Important advice from a doctor amid this nationwide crisis.

It’s a stressful time to be the parent of a very young child.

With a nationwide shortage of baby formula, people are finding “it’s taking a lot of time and effort just to feed their babies. It’s really hard,” says Dr. Kelly Dundon, pediatrician with Kaiser Permanente.

Dundon urges parents to reach out to their family health-care provider for support and to avoid what seem like “solutions” but are actually dangerous practices.

Her biggest concerns:

Watering down formula or making a homemade concoction.

“Both of those are very unsafe and have the potential to harm a baby,” says Dundon, who practices at Kaiser’s Northgate and Capitol Hill facilities in Seattle.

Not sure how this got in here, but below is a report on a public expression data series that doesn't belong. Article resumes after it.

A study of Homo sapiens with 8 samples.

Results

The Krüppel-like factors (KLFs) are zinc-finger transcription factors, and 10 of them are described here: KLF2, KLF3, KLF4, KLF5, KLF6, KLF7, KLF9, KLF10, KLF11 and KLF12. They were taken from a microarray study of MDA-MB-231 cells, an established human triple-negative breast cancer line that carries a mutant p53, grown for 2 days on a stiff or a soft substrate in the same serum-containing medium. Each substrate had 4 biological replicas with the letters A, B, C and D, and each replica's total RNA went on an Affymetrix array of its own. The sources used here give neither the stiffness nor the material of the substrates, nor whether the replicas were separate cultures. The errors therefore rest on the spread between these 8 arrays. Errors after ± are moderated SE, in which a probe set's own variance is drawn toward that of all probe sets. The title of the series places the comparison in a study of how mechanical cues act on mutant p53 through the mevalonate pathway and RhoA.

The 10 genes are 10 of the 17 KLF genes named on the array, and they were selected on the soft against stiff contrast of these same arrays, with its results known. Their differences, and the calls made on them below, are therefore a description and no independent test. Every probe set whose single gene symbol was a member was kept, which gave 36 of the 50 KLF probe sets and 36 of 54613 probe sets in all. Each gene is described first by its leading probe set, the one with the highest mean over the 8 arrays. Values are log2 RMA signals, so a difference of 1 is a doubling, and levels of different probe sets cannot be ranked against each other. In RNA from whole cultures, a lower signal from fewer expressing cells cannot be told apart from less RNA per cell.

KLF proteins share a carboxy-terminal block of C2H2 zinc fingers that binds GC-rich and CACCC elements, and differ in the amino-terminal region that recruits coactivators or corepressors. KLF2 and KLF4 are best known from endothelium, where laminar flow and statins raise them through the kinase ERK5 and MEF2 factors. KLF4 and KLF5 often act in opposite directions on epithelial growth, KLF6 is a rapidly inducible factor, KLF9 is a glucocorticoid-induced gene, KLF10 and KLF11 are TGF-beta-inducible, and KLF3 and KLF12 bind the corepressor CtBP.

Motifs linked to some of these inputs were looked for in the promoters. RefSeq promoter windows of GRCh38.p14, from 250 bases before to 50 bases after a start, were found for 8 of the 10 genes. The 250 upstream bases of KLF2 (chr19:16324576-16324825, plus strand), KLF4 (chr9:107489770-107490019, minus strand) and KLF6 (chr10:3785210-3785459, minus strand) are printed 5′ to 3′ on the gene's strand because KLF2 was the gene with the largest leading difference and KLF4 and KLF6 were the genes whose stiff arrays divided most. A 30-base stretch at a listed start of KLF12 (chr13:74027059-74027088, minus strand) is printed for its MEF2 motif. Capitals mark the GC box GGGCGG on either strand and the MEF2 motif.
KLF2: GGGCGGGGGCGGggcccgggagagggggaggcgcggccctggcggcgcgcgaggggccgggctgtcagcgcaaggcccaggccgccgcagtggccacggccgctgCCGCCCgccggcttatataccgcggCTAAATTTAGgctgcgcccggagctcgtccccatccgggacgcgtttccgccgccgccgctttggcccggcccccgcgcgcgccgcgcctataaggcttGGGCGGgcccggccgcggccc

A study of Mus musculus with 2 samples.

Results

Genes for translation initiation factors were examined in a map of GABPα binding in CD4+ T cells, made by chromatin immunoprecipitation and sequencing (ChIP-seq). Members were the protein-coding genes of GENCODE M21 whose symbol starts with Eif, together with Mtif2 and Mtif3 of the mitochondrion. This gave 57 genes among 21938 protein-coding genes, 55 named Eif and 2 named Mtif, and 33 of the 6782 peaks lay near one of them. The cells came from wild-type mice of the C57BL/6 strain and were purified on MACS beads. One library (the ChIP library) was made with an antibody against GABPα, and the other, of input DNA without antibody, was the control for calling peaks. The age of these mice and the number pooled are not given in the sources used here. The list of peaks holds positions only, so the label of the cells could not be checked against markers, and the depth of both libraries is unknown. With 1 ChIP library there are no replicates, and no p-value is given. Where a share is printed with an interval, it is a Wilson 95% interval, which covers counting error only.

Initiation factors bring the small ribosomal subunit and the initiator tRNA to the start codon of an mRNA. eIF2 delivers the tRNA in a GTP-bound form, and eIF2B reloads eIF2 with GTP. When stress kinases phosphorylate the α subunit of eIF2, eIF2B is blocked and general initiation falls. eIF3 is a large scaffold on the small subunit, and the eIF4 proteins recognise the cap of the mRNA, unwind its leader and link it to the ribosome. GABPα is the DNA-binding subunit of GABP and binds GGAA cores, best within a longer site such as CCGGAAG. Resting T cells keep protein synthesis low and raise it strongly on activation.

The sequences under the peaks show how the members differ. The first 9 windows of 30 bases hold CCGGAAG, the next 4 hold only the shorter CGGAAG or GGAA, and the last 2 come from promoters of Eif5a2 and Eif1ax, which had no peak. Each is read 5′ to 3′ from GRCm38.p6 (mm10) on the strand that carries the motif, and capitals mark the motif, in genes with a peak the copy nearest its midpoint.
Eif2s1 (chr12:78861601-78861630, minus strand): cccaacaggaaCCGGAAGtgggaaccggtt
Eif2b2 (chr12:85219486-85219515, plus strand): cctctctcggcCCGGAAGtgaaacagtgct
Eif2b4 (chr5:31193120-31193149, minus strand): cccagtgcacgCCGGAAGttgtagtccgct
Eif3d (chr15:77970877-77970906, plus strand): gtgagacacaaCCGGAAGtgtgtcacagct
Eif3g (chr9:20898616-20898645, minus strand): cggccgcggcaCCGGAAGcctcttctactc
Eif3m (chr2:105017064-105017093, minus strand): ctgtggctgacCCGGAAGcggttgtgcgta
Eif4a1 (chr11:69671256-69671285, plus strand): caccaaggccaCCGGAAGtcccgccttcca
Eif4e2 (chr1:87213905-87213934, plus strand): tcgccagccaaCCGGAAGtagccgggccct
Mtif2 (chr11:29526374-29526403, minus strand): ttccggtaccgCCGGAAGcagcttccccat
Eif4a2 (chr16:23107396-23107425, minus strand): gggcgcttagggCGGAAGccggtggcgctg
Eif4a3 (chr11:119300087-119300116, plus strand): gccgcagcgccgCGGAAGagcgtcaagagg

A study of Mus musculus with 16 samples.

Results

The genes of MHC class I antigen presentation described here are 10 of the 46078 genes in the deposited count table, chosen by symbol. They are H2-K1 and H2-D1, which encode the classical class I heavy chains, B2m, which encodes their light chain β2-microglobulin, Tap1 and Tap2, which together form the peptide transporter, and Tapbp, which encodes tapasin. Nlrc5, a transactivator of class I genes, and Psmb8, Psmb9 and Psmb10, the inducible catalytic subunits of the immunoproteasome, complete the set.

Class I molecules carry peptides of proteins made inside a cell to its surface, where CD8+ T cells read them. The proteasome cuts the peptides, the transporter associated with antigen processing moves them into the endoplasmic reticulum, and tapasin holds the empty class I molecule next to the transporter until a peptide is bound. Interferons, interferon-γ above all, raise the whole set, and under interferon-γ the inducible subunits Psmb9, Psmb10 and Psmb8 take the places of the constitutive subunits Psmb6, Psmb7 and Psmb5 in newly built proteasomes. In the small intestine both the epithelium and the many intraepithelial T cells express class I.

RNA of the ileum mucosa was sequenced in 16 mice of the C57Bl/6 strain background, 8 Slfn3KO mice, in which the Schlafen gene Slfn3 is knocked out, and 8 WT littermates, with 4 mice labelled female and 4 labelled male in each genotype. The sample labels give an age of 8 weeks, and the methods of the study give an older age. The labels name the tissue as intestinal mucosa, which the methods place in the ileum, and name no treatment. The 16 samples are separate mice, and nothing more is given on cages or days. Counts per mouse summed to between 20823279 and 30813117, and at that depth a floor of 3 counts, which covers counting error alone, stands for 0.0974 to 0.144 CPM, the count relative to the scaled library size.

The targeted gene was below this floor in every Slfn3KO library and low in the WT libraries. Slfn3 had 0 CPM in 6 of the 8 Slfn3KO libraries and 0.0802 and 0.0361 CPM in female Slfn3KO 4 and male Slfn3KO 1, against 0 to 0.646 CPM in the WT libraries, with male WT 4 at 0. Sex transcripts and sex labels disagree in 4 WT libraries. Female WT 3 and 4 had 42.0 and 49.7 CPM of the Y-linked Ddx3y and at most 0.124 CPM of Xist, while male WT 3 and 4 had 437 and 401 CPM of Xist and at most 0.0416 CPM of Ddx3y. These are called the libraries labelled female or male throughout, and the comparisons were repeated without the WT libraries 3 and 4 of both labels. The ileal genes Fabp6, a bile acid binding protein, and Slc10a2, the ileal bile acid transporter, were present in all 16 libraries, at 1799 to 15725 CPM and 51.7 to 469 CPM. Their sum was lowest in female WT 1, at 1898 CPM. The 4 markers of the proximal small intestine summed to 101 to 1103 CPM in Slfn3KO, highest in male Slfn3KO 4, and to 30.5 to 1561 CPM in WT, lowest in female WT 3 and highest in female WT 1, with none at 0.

Instead, she urges parents to be willing to switch formula brands (as long as the child doesn’t have a medical condition requiring a specific brand), be open to using generic formula (“That is absolutely fine”) and broaden their search outside the stores or sources they usually use.

In addition, networking may help. For example, lots of “Find my Formula” Facebook groups have cropped up. Always consider the source and beware of potential scams when getting information or products online.

The bottom line: “Feeding babies under one year with breastmilk and/or formula is really important; that’s the main take-home message,” says Dundon.

And when formula can’t be found? “People should check in with their own doctor. The answer might be different for each baby.” At Kaiser, those consultations are often taking place by phone or through the network’s secure-message system.

For more information as we navigate the baby formula shortage, here are the latest tips from the American Academy of Pediatrics.



Julie Hanson

Julie Hanson is the website editor for Seattle's Child. She is a longtime journalist, South King County resident and mom to a 14-year-old girl.